Forces make transformation strides

To better support warfighters on the front lines of battle, the Air Force and Marine Corps are working to transform and modernize their logistics business processes and information technology systems.

The Air Force is using a spiral development process in which the service is rolling programs out in small steps and refining its processes and systems as it progresses toward the desired end state, said Kenneth Percell, chief technology officer at Air Force Materiel Command.

Speaking Feb. 4 at a defense logistics conference in Arlington, Va., Percell said the Air Force will accept anywhere from a 30 percent to 80 percent solution in a spiral as long as the result is an improvement on the current system.

As an example, the Air Force recently revamped the process for unit type codes (UTC), which list the duties an individual will be required to perform for a war deployment. The former process had been in use since the 1940s as a seven-part paper folder. Now, the UTC is held on a card that can fit in a wallet and includes addresses of Web sites that offer pre-deployment information.

In revising the UTC process, defining the business rules and workflow paths took about 96 days to complete, the IT and software configuration took only three days, and the subsequent training for users and administrators took another 96 days, Percell said. He added that those cycle times are reflective of the fact that IT is an enabler in this area and is often not difficult to provide, whereas training and culture change remain the bigger challenges.

To assist in that change management effort, Percell said the Air Force Materiel Command has established a Transformation-Program Management Office with a dual mission:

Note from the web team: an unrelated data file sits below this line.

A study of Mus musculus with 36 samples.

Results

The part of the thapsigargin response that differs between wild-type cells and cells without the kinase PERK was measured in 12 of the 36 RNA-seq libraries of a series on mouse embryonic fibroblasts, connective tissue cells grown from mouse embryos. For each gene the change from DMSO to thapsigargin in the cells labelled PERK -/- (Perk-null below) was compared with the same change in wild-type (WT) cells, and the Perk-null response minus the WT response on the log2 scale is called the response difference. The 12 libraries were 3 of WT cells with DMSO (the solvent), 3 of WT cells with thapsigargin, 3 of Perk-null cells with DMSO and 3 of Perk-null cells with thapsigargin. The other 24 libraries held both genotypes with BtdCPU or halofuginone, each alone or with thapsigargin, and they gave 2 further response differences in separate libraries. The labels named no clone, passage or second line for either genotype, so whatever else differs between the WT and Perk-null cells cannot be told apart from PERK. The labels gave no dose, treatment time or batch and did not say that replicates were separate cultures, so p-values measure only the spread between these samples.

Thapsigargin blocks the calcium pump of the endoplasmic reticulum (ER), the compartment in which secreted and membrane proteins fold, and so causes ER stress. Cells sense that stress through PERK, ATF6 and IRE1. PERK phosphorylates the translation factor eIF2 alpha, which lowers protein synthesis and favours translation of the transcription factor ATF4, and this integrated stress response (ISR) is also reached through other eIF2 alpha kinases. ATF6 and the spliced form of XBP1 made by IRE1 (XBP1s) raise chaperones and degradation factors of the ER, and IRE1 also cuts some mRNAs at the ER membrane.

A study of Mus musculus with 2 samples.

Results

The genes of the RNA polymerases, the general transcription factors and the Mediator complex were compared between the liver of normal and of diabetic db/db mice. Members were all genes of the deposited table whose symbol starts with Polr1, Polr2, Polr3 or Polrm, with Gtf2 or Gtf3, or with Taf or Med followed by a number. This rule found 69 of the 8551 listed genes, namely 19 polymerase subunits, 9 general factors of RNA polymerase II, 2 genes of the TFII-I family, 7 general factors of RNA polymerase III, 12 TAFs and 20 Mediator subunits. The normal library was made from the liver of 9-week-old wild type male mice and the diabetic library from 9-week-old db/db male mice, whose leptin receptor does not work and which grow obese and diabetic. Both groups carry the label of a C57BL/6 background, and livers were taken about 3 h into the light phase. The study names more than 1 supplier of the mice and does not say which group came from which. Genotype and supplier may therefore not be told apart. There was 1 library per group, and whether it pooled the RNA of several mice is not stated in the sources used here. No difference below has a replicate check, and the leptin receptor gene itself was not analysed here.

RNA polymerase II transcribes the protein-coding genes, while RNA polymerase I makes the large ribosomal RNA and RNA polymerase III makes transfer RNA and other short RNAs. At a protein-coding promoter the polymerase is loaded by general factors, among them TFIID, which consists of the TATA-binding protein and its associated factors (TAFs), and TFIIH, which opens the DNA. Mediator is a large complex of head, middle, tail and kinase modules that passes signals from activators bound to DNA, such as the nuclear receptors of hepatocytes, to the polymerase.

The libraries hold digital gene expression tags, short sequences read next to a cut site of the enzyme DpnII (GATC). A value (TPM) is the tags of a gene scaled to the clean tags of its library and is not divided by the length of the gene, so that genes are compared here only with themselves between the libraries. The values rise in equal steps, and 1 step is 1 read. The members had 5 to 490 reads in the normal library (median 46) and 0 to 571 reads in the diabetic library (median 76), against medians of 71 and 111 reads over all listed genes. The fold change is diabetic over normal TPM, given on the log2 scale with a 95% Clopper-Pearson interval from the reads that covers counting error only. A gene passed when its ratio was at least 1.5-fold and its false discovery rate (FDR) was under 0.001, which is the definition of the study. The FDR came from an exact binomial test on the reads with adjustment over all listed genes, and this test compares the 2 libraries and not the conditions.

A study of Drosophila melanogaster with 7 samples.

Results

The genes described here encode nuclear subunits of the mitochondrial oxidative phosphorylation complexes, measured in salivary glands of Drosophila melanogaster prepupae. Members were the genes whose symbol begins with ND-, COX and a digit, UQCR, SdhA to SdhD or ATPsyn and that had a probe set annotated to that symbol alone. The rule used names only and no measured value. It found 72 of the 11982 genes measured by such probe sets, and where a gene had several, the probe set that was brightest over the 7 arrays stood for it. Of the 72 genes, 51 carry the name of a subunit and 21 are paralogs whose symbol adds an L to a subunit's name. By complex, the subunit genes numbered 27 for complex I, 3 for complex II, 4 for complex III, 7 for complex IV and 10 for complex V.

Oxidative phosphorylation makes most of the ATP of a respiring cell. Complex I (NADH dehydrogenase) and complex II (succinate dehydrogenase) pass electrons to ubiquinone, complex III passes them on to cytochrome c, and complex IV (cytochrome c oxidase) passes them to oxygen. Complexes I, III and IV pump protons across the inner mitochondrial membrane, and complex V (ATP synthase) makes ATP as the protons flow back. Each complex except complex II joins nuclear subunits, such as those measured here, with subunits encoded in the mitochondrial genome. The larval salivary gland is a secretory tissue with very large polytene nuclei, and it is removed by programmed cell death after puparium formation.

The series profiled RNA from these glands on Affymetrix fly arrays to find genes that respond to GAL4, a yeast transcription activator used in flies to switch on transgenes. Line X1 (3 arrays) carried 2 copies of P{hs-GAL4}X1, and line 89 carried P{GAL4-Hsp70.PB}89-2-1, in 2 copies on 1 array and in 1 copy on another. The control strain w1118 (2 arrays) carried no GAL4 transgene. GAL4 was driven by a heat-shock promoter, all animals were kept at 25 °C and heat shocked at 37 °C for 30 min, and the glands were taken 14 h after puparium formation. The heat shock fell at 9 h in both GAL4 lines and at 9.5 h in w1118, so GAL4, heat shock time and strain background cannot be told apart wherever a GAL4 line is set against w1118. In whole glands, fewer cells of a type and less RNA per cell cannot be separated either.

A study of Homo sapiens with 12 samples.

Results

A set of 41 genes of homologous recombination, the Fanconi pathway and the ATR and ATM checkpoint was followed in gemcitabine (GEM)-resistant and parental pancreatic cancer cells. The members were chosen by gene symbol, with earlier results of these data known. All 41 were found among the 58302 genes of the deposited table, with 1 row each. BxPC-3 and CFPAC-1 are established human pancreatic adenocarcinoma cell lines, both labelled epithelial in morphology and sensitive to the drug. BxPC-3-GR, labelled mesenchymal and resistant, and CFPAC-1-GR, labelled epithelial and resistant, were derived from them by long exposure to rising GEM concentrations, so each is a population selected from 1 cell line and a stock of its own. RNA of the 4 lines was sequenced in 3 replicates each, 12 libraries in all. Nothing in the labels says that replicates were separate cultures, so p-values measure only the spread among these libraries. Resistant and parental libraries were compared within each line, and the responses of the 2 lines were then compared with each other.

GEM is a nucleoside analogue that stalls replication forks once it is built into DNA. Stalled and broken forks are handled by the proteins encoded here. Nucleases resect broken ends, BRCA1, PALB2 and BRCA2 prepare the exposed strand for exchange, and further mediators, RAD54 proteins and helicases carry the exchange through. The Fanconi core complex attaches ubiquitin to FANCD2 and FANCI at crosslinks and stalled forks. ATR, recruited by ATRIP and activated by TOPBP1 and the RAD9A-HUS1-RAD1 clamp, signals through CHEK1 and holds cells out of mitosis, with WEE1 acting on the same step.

* To serve as the central entity leading the command's IT transition from an application-based organization to a process-based organization.

* To provide support to the IT field units with change management, training, organizational issues and processes.

"IT transformation is the key to the horizontal integration of business processes across the IT set of investments," Percell said.

Maj. Gen. Bradley Lott, commander of the Marine Corps Materiel Command (Matcom), agreed and said that the service is Web-enabling its integrated contact center to more quickly accommodate questions and requests coming in from the field.

The Marine Corps used to have about 200 different toll-free numbers that customers could call with questions, but in October the service established a single point of contact through one phone number to streamline that process.

"It's working, but it's not working as well as I want," because Matcom should be able to respond to a query from Afghanistan as quickly as it does to one from Camp Lejeune, N.C., Lott said. He added that the Web-based capability soon will help make that possible by providing troops in the field with around-the-clock access to subject matter experts.